To call writer/director Trey Edward Shults’ plague thriller It Comes at Night a bleak film would be a massive understatement. It’s a film defined by claustrophobia and hopelessness, immeasurably dark in both visual and thematic terms. It takes the tropes of the modern zombie apocalypse genre and marries them with the festering sense of isolation and paranoia of The Shining, delivering highly intelligent chills in a stripped-down, minimalistic package. It’s a profoundly moving piece of work, even if I can’t honestly say it’s very much fun.
Joel Edgerton stars as Paul, the patriarch of a small family — one that gets noticeably smaller in the opening minutes of the film — struggling to survive in the aftermath of an unspecified disease outbreak. Having walled off his wife and son (Carmen Ejogo, Kelvin Harrison Jr.) deep in the mountains, Paul takes every conceivable precaution to protect his clan from infection and interlopers. Given the genre, this status quo is certain to be disrupted, in this case at the hands of an intruder with a family of his own to protect. This is where It Comes at Night diverges from the supernatural horror that I’d expected and becomes something far more intimate and grounded. Those looking for jump scares and gore will come away disappointed, but anyone in the market for a taut, gripping melodrama on a painfully human scale will be handsomely rewarded.
Structurally, It Comes at Night is a bit off-kilter. The first two acts are methodically paced, and the ending, though brutal and effective, feels abrupt and lacking in any true catharsis. Then there’s the question of audience identification — Edgerton’s Paul is clearly the protagonist, but son Travis (Harrison) is presented as a point-of-view character, splitting the viewer’s allegiance in a way that can be distracting at times. This feint ultimately serves a narrative purpose, but it also dulls the emotional impact of the third act’s downward spiral. Despite the drawbacks of Shults’ approach to his story, it works more often than it doesn’t — due in large part to the director’s stylistic acumen.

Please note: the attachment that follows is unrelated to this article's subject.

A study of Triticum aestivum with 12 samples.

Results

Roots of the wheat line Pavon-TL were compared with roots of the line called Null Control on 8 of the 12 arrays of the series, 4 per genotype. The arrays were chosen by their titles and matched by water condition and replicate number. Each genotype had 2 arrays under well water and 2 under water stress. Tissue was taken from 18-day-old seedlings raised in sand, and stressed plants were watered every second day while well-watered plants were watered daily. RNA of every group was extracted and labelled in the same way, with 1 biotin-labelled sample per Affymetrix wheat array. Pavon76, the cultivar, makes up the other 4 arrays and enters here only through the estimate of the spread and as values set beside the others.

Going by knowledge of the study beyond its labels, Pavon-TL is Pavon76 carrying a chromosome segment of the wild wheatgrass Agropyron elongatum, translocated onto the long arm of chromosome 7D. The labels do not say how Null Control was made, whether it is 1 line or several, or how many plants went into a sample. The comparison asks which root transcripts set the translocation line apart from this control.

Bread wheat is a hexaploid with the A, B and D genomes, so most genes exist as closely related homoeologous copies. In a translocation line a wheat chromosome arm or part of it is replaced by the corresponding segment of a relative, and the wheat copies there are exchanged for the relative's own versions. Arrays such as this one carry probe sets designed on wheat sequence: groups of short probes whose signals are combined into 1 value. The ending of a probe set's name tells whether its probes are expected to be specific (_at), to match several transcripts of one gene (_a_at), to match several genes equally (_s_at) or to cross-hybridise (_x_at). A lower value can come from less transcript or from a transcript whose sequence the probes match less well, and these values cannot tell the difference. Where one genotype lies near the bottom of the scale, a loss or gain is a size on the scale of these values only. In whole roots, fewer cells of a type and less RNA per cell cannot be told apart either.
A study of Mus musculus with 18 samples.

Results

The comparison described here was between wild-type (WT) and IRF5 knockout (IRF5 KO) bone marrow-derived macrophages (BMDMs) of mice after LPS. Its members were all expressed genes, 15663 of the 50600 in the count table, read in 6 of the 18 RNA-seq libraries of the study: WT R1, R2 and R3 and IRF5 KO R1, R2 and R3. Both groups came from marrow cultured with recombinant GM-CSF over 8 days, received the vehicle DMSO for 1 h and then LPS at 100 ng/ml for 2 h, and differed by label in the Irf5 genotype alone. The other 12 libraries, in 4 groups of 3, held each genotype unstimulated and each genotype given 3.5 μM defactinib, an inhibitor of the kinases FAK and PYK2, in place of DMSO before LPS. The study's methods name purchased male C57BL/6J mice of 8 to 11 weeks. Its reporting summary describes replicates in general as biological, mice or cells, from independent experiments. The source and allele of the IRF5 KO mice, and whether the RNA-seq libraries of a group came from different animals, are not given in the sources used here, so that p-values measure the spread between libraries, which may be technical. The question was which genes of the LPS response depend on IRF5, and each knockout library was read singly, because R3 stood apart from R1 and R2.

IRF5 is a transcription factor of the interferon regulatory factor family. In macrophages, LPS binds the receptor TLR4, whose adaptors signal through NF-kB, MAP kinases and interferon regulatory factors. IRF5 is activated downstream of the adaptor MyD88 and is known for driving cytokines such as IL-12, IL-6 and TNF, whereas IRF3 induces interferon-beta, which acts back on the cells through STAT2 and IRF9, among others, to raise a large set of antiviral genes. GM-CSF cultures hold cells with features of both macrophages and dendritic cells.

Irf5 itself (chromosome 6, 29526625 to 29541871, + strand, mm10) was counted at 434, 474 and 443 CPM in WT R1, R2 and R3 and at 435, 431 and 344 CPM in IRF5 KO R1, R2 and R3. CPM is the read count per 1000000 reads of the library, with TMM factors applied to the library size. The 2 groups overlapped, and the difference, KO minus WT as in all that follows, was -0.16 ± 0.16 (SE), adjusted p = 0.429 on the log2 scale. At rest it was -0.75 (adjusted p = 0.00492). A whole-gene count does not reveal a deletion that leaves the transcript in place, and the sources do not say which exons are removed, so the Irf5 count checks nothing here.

While this is only his second feature, Shults already exhibits a masterful understanding of the capacity for visual aesthetics to reinforce and amplify tonal undercurrents within his narrative. The film is presented almost entirely in the labyrinthine interior of an isolated cabin or in the neighboring woods, often illuminated exclusively by flashlight or lantern. The inky black margins of the screen suggest an ever-present and perpetually invisible threat, creating a lack of visual context that becomes menacing in and of itself.
The only thing less evident than whatever’s waiting beyond the edge of the flashlight’s beam is the faintest glimmer of optimism for the film’s characters or the world they inhabit. It Comes at Night can be a trying experience at times, and its unrelentingly nihilistic sensibilities may be a major deterrent for some moviegoers. Yet Shults and Edgerton play to each other’s strengths, and the film’s remarkably effective management of tension warrants a look if only to see what can be accomplished with a minuscule budget when sufficient attention is paid to atmosphere, story and character. Maybe not the best date movie in the world, and taking your dad to see it on Father’s Day might be a particularly poor decision, but It Comes at Night will deservedly prove to be one of the most divisive and oft-discussed movies of the year. Rated R for violence, disturbing images, and language. Opens Friday at Grail Moviehouse, Regal Biltmore Grande, Epic of Hendersonville.